Eccentrics of Comedy, by Anthony Slide (Metuchen, NJ:Scarecrow Press, 1998), Hardcover (no dust jacket), $36.00, 168pp, ISBN 0-8108-3534-7.
I was sure the world had gone mad when I retrieved this from the mail. The idea of a book whose cover featured one of the most annoying characters in cinema history — the fake Swede of many a 1930s movie, El Brendel — was almost too terrifying to contemplate. Delving a bit further, I was reassured; this is an enjoyably pithy collection of essays on “eccentrics of comedy,” some unheralded or even unknown now, by that lovable curmudgeon Anthony Slide. Brendel is in appropriately odd company here — Phyllis Diller, Old Mother Riley, Ernest Thesiger, the Duncan Sisters, Bobby Clark, Milton Berle, Edward Everett Horton, Alice Howell, Margaret Rutherford, and Colonel Lemuel Q. Stoopnagle.
Slide is well known for his outspokenness, as evidenced in his many books (more than 60 by recent count) and his irresistible book review column in Classic Images. That personality is evident in these well-rounded, opinionated sketches. Slide covers all the basics for each of his subjects, including filmographies where appropriate. For Phyllis Diller he describes her film career, “literary” career (five humor books), television work, and nightclub work. But he’s also not averse to hard judgments. He doesn’t seem to like Diller and is plain about it. Of her claim that she was successful because housewives recognize her as “one of them,” he says: “It is very obvious . . . that [she] is no longer one of them or one of us. . . . She has come a long way — too far from her roots.” He cleverly connects the painful El Brendel to another dimwitted fake media Swede of recent times, Betty White’s “Rose” on The Golden Girls. “As his career declined,” Slide says gingerly, “the level of infantile humor increased.”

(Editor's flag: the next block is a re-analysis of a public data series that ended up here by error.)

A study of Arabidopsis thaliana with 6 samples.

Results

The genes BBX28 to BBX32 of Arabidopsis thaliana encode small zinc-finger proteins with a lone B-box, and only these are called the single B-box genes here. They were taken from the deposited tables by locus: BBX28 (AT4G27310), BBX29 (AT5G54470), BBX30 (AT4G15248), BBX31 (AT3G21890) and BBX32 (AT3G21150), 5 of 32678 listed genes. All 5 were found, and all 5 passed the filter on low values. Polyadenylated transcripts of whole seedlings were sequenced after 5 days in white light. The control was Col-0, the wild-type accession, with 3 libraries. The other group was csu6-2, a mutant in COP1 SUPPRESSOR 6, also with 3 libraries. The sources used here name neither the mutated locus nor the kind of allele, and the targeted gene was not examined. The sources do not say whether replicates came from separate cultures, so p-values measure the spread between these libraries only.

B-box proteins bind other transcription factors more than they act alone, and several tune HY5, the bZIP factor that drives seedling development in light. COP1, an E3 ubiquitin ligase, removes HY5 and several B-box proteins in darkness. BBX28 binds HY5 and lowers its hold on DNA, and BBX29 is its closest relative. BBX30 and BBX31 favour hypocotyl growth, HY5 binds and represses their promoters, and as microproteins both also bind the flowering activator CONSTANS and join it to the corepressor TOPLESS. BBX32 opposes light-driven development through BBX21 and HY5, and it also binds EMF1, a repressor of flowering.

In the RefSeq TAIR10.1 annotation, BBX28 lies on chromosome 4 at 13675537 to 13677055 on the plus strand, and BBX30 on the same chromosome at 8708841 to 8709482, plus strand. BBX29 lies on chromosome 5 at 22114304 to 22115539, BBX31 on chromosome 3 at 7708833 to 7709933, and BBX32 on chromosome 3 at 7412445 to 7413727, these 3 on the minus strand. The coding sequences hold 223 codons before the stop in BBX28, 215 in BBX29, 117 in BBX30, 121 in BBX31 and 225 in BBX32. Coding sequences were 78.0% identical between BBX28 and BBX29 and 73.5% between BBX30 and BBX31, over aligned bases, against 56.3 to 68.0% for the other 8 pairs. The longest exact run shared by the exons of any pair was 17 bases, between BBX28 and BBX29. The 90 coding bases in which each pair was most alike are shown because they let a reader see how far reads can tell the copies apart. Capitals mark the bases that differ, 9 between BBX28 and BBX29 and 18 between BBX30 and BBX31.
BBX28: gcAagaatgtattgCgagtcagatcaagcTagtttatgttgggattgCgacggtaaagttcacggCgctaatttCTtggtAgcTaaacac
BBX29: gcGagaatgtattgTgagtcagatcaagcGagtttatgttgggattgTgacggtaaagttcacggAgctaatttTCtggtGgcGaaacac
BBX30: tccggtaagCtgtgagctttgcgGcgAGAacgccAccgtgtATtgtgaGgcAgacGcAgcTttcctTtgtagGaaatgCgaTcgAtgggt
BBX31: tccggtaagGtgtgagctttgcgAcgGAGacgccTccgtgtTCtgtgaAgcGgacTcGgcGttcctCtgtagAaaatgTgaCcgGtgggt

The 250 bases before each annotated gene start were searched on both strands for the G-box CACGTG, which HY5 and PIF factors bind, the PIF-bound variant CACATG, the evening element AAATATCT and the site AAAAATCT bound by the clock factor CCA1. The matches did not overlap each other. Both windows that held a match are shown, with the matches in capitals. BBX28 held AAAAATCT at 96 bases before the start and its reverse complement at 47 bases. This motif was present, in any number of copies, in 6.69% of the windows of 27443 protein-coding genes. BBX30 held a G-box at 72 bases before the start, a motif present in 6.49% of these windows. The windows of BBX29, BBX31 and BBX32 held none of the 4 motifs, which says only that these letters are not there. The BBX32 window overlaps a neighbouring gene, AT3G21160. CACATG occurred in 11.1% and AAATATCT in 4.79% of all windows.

Other subjects deserve a sweeter treatment and get it. Those staple sissies of 1930s comedy, Edward Everett Horton and Franklin Pangborn, are gently outed here (not that it wasn’t obvious already to most observers). Horton lived with Gavin Gordon (best remembered as the fruity Lord Byron in Whale’s Bride of Frankenstein), but Pangborn apparently remained in the closet, always ready to deliver “five hard knuckles” to anyone who questioned his masculinity — a temptation many must have succumbed to in the case of mega-queen “Pangie.”
Some of the most interesting material here is in the dish Slide has unearthed that appears almost parenthetically to the subject at hand. Example: in the Horton section, Slide quotes Doris Nolan on her experience in Holiday: “I didn’t like Cary Grant — he was always very rude to me. Hepburn was trying to steal my boyfriend, Gregory La Cava, away from me for her companion, a wealthy society woman, and whenever I came across well in a scene, she would demand retake after retake.”
Slide returns an era long forgotten to the spotlight in his chapters on obscurities like radio wit Lemuel Q. Stoopnagle and vaudeville queens the Duncan Sisters. Their reappearance here, however brief, is one of the things that makes this book a pleasure to read.